CPG Drives Amazon Ads, While Yahoo, AOL Falter

Amazon.com

In its first analysis of display advertising on the Amazon.com home page, Macquarie Group reported that CPG marketers such as Philips and Procter & Gamble accounted for the biggest share of ads during the second half of the fourth quarter, at 28%. Other top ad verticals for Amazon included media (23%) and financial services (10%). Another big chunk (28%) was dedicated to house ads for Amazon Local’s daily deals service.

Macquarie analyst Ben Schachter added Amazon to his twice-quarterly reports on home page advertising among the top Web portals, since the firm believes the online retail giant plans to ramp up its display ad business. That effort would extend to third-party sites, as well as its own properties. 

Yahoo and AOL continued to show signs of weakening demand, based on home page ad trends, while YouTube remained strong and MSN had steady gains from both the third quarter and the year-earlier period. Given the uncertainty surrounding Yahoo as it searches for a new CEO and fields offers from potential bidders, its results are coming under even more scrutiny than usual. 

After getting a lift in the third quarter from promotions for fall TV premieres, higher-priced ads on the Yahoo home page declined during October and the first half of November. Oversized or custom ad units accounted for only 23% of ads, compared to 39% in the second half of Q3, and 32% a year earlier. 

And ad sales on the Yahoo login page -- where the company began selling ad space last year -- sold out on 65% of the days so far in the fourth quarter, down from 74% for the mid-August to September 30 period. Purely brand-focused advertising fell to 40% from 45% a year ago.

AOL’s home page also reflected softening ad demand. It once again had the lowest proportion of oversized/custom units (19%) and brand-focused ads (30%) across the four major Web portals. The report also pointed out that AOL is getting little benefit from its Project Devil premium ad offerings; none appeared on the home page in the first half of Q4.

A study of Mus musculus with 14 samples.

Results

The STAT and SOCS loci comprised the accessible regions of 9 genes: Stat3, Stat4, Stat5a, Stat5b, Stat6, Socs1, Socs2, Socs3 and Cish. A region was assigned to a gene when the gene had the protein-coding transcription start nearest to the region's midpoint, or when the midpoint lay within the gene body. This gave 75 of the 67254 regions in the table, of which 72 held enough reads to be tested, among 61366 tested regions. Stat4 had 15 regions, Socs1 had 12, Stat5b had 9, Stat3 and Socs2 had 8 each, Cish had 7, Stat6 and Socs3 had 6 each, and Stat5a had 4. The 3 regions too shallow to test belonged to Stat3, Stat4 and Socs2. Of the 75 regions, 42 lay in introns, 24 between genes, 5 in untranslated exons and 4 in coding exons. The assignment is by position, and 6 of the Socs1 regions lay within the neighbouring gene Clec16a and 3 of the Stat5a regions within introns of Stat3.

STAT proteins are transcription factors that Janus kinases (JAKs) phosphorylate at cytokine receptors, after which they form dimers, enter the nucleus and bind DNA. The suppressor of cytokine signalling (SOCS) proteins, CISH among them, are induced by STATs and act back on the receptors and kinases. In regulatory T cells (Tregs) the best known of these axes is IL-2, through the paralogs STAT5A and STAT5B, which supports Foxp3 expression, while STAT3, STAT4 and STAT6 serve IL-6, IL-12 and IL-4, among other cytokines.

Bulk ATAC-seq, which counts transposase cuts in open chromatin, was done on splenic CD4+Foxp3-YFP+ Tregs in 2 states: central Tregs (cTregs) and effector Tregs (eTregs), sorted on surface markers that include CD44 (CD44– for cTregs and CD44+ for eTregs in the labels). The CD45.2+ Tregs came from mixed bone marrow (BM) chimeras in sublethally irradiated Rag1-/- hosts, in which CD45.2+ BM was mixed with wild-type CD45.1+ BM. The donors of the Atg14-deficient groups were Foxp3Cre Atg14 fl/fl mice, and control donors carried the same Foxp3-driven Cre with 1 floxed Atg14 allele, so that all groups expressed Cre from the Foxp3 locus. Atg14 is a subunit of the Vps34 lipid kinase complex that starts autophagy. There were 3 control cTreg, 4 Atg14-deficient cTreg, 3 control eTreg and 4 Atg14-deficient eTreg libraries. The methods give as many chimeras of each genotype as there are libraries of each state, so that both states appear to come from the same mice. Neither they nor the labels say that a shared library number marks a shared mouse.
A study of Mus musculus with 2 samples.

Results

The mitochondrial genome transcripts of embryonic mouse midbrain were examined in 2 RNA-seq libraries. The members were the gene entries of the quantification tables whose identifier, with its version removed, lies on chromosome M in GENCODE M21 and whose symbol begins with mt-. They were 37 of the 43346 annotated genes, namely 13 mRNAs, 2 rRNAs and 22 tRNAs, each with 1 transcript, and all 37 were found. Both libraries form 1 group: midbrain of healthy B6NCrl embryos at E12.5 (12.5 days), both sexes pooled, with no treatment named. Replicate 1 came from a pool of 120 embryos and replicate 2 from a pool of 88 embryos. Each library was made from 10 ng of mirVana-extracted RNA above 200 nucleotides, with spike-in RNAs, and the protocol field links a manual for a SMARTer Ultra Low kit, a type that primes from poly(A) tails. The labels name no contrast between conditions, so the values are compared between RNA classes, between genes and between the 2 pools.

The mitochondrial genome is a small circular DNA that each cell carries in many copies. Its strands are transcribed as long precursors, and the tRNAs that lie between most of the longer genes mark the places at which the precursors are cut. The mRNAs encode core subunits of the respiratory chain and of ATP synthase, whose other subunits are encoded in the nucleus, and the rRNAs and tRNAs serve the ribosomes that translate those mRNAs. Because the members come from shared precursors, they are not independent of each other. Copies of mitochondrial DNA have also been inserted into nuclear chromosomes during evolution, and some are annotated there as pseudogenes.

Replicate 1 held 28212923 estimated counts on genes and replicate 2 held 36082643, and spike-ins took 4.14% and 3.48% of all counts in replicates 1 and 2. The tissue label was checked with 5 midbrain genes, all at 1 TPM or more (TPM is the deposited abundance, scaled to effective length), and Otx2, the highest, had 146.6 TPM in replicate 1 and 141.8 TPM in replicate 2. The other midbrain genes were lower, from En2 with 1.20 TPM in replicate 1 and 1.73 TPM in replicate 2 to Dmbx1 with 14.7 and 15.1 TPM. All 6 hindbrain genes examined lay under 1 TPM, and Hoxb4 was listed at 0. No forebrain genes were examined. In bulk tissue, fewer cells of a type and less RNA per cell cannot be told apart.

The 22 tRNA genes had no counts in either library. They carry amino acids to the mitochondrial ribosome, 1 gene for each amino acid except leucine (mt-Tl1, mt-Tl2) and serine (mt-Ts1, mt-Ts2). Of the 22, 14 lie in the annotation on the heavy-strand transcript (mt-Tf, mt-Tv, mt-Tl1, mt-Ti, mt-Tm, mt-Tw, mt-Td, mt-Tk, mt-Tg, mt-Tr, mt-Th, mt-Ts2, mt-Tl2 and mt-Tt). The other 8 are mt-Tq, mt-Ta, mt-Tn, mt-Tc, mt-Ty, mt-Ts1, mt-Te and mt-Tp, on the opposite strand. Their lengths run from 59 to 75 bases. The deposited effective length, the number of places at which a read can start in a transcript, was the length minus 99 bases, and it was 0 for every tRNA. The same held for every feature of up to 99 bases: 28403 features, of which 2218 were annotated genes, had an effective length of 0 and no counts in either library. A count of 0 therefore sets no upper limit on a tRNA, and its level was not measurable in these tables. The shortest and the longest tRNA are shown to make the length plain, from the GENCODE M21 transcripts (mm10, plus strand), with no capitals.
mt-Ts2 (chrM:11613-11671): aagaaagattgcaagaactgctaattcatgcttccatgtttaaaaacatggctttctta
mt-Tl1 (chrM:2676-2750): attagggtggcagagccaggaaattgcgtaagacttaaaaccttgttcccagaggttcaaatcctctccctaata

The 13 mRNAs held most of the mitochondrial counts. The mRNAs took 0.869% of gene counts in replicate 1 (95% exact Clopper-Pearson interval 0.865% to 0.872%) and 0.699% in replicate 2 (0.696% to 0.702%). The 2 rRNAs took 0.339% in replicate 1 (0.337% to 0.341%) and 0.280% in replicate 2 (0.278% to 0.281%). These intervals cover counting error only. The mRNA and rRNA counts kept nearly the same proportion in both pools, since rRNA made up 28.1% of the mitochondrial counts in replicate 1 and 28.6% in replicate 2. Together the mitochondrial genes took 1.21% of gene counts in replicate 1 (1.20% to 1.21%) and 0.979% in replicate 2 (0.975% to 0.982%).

On YouTube, Macquarie found that ad quality remained high in the fourth quarter to date, with the site’s signature masthead unit selling out almost every day. Media companies more than ever constitute the driving force behind YouTube’s advertising, accounting for 65% of total home page ads. That’s up from 50% three months ago on a seasonal spike in video game advertising.

For its part, MSN quietly continues to pick up steam. It had a higher proportion of oversized/custom ads (28%) than Yahoo or AOL during the study period. And the share of both oversized and brand-focused ads on MSN saw big increases from a year ago.

Looking more closely at Amazon, the report pointed out that 43% of its home page ads were direct response-based and 45% had a combination of branding and direct-response elements. Only 13% were purely brand-focused. “A different mix of advertising relative to the other major portals we track is not surprising, given Amazon’s intent to drive sales volumes directly through its website,” stated the study.

In that vein, it noted that several ads even featured a “click to add to Amazon shopping cart” button directly within the ad, and nearly all linked directly to an Amazon page for purchase.

Macquarie said 41% of the home page ads across the four Web portals (excluding Amazon) were oversized/custom ad units, up from 36% in the first half of Q3 and just below the 44% posted in the year-earlier period. The increase reflects a seasonal uptick from holiday-related advertising. Among ad verticals, media was by far the largest -- accounting for 30% of ads, followed by auto, 15%, and financial services, 11%.